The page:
It’s one of the most entertaining musicals of the past 50 years

From left: Anastasia Talley, Adriana Cleveland and Delana Flowers in Pittsburgh Musical Theater’s Dreamgirls

Photo courtesy of Julie Kahlbaugh

From left: Anastasia Talley, Adriana Cleveland and Delana Flowers in Pittsburgh Musical Theater’s Dreamgirls

Those involved with the 1981 Broadway musical Dreamgirls claimed they were shocked, shocked! that people thought it was about Berry Gordy and Diana Ross and The Supremes. Composer Henry Krieger, lyricist and book-writer Tom Eyen, and director/choreographer Michael Bennett denied any connection, while admitting privately their denial was based on the fear of a Gordy lawsuit.

In any case, they created one of the most entertaining musicals of the past 50 years, as Pittsburgh Musical Theater’s latest production proves.

It was Bennett’s desire to stage a highly cinematic show, with only cross-fades and jump-cuts via four enormous moving metal and Plexiglas towers instantly establishing the musical’s locales.

Obviously, Pittsburgh Musical Theater lacks those million-dollar resources to stage this backstage story of a girl group (the Dreamettes), their rise to stardom and the personal cost celebrity brings. PMT’s set designer, Jeff Perri, has been very clever stretching a tiny budget to look like something a whole lot bigger and very nearly succeeds. Christopher Patrick and Tony Sirk must be recuperating in a rest home after supplying the sheer volume of defining wigs and costumes, and musical director Brent Alexander and his orchestra are also probably dizzy and panting, having played through this huge score (Dreamgirls is almost entirely sung-through) with such energy and pace.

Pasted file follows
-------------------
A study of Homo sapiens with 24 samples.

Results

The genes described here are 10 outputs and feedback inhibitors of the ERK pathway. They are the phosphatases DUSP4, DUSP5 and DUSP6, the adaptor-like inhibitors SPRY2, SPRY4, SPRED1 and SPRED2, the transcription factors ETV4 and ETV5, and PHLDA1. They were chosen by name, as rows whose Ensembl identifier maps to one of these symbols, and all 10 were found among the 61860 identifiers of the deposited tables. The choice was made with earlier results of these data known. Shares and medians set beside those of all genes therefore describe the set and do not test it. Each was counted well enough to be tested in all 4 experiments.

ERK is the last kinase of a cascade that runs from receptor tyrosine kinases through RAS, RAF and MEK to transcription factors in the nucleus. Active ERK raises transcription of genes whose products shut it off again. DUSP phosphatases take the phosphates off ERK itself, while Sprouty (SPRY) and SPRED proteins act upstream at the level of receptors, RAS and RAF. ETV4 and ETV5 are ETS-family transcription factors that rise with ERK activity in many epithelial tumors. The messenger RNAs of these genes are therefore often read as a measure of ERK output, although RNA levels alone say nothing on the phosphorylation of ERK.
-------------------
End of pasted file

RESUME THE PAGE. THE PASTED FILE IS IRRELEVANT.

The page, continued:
Director/choreographer Bob Durkin is the man responsible for pulling all these elements into a cohesive whole. Because he can’t fill the stage with much in the way of a set, he wisely populates the space with exceptionally talented performers.

Adrianna Cleveland has the unenviable task, as Effie, of singing that musical-theater mountain “And I’m Telling You I’m Not Going”; Cleveland has no trouble navigating the terrain, and tops herself with the second-act solo “I Am Changing.” Delana Flowers and Anastasia Talley, playing Lorrell and Deena, are as equally outfitted with superb voices and get plenty of chances to unfurl them.

Durkin hasn’t neglected the male side of the equation, especially with Monteze Freeland bringing his own powerful, gorgeous voice to the role of Curtis, Jason Shavers finding the complexity of Marty, and LaTrea Rembert stealing just about every scene he’s in as James “Thunder” Early.